My friend Michael Brotzman pointed out this story to me from the New York Times, about how the printing industry in Britain is coping with the decreased demand for its services. Even as high technology leads to printers that can print bigger runs, faster, more efficiently, and with fewer operators, demand is dwindling and so are employees. The British printing industry is down from an estimated 200,000 workers in 2001 to fewer than 125,000 now. And for the jobs that are left, the UK is more and more often having to compete with lower labor costs of printers in continental Europe.
If the industry’s woes could be mapped out on a physical surface, the ExCeL exhibition center in London might serve that purpose. This year’s Ipex, an international printing industry convention held at the ExCeL center in March, required only 30 percent of the exhibition space it needed in 2010, according to PrintWeek, an industry publication.
Mr. Kingston of Wyndeham, who has attended Ipex since the 1980s, was struck by the change. “An exhibition that even four years ago would have taken you a day to get around, you can now do in just an hour,” he said. “Your coffee wouldn’t even get cold.”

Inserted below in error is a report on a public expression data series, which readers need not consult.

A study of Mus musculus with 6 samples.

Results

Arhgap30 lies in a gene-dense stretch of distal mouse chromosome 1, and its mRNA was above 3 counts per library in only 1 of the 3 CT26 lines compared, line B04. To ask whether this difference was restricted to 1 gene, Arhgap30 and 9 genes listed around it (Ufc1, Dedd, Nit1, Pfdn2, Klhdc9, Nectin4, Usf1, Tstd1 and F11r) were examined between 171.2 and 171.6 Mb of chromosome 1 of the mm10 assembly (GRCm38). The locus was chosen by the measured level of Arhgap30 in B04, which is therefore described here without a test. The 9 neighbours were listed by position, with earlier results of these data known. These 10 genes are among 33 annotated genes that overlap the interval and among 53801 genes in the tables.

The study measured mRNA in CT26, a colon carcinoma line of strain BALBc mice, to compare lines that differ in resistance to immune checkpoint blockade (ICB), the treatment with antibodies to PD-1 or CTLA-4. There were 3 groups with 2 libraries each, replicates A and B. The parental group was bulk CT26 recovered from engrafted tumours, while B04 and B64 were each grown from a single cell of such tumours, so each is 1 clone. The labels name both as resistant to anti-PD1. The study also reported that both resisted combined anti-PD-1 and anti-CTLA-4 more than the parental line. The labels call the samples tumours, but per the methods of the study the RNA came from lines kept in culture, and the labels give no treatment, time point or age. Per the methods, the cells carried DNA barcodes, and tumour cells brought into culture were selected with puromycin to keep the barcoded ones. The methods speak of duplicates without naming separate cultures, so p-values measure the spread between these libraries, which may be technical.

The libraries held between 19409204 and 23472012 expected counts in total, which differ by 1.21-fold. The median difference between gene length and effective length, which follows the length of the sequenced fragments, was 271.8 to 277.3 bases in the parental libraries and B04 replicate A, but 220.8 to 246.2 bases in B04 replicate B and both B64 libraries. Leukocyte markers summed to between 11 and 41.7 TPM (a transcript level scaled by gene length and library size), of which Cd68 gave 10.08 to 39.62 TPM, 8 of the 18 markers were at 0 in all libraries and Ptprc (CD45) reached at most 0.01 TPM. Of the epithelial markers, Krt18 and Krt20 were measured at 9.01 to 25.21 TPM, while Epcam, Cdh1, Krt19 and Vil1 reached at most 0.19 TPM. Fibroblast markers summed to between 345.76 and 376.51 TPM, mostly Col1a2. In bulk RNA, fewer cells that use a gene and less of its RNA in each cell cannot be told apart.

The print industry is trying to adapt by switching its efforts over to packaging and labeling—things that can’t be so easily replaced with digital editions. It’s also looking into ways to integrate mobile apps and Internet applications with its services, providing ways that customers can make print and online media work together.
You forgot to mention one key thing.
““This is almost a peopleless business now,” Mr. Kingston said as he walked through the huge but mostly deserted printing hall. “At one point we had 350 people in this plant. Now we have 114. But the amount of work has more than doubled.””
So while revenue is down and employees are down, it seems that the actual amount being printed has gone up. That’s called efficiency and is the same reason that fewer humans are starving and freezing in the 21th century compared with the 18th. From a consumer standpoint the question that matters is cost and availability. Lower cost with more availability is better even if 70,000 people were made redundant via technology.